Gregory Kamateros (Greek: Γρηγόριος Καματηρός, Grēgorios Kamatēros; fl. 1088–ca. 1126/32) was a senior Byzantine official. Of low birth but very well educated, he reached high office under Emperor Alexios I Komnenos and eventually became logothetes ton sekreton, de facto prime minister, under both Alexios and John II Komnenos. Through his marriage with Irene Doukaina, an imperial relative, he founded the bureaucratic dynasty of the Doukai-Kamateroi.
Life and career
There are several scattered references to a "Gregory Kamateros" in documents and seals of the late 11th/early 12th century. Most scholars consider them to refer to the same person, with the notable exception of the historian Vitalien Laurent, who cast doubt on this identification.
According to the historian Niketas Choniates, Gregory Kamateros was of lowly and undistinguished birth. Nevertheless, he was distinguished by his great erudition, which was said to encompass all fields of knowledge. He first appears in a document of the year 1088, as a logariastes (accountant) of the genikon department. The same document also gives the name of his father as Basil. At the time of the failed conspiracy of Nikephoros Diogenes against Alexios I Komnenos (r. 1081–1118) in 1094, he was a "recently appointed" secretary to the emperor, and participated in the interrogation of Diogenes.
A seal attests to his having held the office of governor, with the title of praetor, of the joint themes of the Peloponnese and Hellas. According to Choniates, he became rich due to tax farming in the provinces, possibly referring to this post. The wealth he accumulated allowed him to marry an imperial relative, Irene Doukaina, and he was promoted to the high rank of sebastos. Archbishop Theophylact of Ohrid, who maintained friendly relations with Gregory and addressed five letters to him, implies that he was very influential in the court; in a letter written c. 1094, Theophylact congratulates Gregory on his promotion to the rank of nobilissimus and the position of protasekretis.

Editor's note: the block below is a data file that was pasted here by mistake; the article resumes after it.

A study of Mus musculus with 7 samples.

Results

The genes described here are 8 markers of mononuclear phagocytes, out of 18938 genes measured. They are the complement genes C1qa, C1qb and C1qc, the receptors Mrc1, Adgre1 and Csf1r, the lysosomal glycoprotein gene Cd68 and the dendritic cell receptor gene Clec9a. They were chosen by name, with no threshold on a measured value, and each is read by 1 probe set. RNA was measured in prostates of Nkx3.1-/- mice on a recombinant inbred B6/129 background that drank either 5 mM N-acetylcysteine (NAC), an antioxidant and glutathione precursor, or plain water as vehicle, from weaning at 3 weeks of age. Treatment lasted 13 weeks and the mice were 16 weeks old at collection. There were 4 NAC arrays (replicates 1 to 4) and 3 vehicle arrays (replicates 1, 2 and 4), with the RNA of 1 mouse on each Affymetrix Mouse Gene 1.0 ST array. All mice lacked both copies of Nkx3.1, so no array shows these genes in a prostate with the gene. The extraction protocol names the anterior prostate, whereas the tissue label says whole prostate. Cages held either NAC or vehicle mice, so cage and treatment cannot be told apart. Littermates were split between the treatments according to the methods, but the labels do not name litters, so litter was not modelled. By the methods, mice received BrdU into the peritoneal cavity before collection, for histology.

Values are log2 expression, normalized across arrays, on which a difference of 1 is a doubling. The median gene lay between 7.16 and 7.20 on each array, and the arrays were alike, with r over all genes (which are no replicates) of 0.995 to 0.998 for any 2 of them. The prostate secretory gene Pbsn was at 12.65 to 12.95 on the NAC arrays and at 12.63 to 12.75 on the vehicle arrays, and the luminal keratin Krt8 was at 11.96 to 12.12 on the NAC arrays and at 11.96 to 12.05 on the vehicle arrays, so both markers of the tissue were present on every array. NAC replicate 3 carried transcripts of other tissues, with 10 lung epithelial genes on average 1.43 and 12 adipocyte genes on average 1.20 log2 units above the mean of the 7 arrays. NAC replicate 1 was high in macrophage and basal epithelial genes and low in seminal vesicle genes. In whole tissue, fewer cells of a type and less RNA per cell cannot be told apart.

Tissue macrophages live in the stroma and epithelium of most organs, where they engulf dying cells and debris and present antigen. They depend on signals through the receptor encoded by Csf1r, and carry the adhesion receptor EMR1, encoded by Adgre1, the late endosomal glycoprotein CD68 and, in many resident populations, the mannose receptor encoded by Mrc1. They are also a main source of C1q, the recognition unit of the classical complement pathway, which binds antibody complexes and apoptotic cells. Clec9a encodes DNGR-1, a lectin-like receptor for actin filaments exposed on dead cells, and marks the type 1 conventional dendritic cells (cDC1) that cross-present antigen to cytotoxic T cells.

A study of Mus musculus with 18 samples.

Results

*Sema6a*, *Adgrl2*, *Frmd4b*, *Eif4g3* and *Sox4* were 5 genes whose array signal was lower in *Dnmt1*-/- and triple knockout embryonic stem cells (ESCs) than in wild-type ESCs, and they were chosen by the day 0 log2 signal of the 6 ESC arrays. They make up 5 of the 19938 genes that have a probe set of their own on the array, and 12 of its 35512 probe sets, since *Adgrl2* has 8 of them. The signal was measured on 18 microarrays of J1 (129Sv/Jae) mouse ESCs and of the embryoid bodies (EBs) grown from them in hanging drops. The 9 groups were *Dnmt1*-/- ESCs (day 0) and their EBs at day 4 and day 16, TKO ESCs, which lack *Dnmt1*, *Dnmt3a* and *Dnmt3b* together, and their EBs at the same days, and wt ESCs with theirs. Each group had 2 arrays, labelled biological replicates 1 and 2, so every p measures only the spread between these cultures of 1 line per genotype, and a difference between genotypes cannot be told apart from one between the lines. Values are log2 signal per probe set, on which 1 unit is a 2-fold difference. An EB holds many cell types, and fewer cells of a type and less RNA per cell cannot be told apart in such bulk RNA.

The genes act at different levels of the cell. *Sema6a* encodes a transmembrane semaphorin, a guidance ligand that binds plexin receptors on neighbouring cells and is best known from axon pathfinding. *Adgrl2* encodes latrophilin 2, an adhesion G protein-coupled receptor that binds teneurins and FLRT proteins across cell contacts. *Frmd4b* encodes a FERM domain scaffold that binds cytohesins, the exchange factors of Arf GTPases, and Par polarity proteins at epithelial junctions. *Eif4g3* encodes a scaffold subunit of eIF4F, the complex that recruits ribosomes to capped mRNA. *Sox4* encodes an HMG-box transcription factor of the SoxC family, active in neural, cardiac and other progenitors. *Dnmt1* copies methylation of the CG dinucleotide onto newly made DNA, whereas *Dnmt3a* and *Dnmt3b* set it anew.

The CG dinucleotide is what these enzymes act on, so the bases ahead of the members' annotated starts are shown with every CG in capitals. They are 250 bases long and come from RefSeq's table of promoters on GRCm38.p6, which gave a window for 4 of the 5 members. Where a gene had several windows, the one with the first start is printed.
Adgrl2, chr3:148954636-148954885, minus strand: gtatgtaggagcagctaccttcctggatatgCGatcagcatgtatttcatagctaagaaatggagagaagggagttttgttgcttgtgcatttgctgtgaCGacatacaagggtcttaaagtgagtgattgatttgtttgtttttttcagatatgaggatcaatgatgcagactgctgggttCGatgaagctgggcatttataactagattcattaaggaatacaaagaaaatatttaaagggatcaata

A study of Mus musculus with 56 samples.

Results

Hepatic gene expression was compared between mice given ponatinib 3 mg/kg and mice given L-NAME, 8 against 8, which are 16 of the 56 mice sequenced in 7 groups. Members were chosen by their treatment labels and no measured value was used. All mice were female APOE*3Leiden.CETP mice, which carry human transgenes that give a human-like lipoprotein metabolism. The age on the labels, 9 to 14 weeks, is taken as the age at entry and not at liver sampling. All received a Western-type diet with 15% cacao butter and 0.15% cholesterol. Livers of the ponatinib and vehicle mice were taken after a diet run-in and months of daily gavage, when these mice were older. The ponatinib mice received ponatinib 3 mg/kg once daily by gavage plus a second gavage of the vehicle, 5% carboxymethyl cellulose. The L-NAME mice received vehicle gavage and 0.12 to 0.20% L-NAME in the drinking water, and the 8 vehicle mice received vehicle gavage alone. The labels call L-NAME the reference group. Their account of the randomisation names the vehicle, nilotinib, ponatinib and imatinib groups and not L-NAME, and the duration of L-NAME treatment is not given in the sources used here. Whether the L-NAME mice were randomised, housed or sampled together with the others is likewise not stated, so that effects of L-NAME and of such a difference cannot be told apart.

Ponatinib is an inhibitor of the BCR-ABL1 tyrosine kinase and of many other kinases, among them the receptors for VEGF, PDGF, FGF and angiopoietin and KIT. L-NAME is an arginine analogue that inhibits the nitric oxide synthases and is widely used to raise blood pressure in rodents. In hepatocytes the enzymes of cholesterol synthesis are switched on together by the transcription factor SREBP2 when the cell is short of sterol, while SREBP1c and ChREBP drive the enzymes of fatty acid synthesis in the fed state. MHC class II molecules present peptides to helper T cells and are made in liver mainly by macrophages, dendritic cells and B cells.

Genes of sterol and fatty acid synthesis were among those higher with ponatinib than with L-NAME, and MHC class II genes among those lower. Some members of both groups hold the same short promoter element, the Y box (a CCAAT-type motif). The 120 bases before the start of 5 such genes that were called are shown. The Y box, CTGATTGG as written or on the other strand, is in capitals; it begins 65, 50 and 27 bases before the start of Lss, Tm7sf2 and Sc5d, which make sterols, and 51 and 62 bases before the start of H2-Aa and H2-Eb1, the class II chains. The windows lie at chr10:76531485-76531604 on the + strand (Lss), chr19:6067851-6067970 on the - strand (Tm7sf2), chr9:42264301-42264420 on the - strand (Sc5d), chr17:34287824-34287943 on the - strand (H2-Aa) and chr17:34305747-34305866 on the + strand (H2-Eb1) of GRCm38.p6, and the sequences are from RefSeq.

The protasekretis was originally the head of the imperial chancery, but according to the historian Paul Magdalino, Gregory Kamateros may have been the first protasekretis to head the tribunal with which the office was chiefly associated later in the 12th century. Later, he was promoted to the rank of sebastos, and the position of logothetes ton sekreton. The latter post was a creation of Alexios I, originally tasked simply with coordinating the various government departments (sekreta), but which by the turn of the 12th century had established itself as a de facto prime minister. Indeed, the monody written on the occasion of Gregory's funeral by the court poet Theodore Prodromos portrays him as the virtual ruler of the empire.
After the accession of John II Komnenos (r. 1118–1143), it appears that Gregory was sidelined for a while, as the government was headed by John's favourites, the parakoimomenos John Komnenos and the protovestiarios Gregory Taronites. As the latter proved ineffective, Gregory Kamateros was recalled, but, as Magdalino remarks, probably not "in his full former capacity"; not only did he have to share the responsibility of government with the parakoimomenos, but the megas domestikos John Axouch now dominated the court.
Towards the end of his life, both he and his wife Irene entered a monastery. The exact date of Gregory's death is unknown, but it is placed between 1126 and 1132 on account of a reference to the appearance of a comet in Prodromos' funeral monody. Another court poet, Nicholas Kallikles, also wrote a poem on the occasion of Gregory's death.
Gregory Kamateros married Irene Doukaina, probably a daughter of the protostrator Michael Doukas and hence niece of Alexios I. Irene Doukaina outlived her husband, but her date of death is unknown. The union led to the emergence of the Doukas-Kamateros line, which held high office under the Komnenian emperors throughout the 12th century. Most of the couple's children are unknown. A son named Michael died young, and a contemporary Theodore Kamateros was also likely a son of the couple. The best known of Gregory's children are the high official John Doukas Kamateros, and the high official and theologian Andronikos Kamateros. The latter's son Basil Doukas Kamateros was also a high official, while his daughter Euphrosyne Doukaina Kamatera became empress to Alexios III Angelos (r. 1195–1203).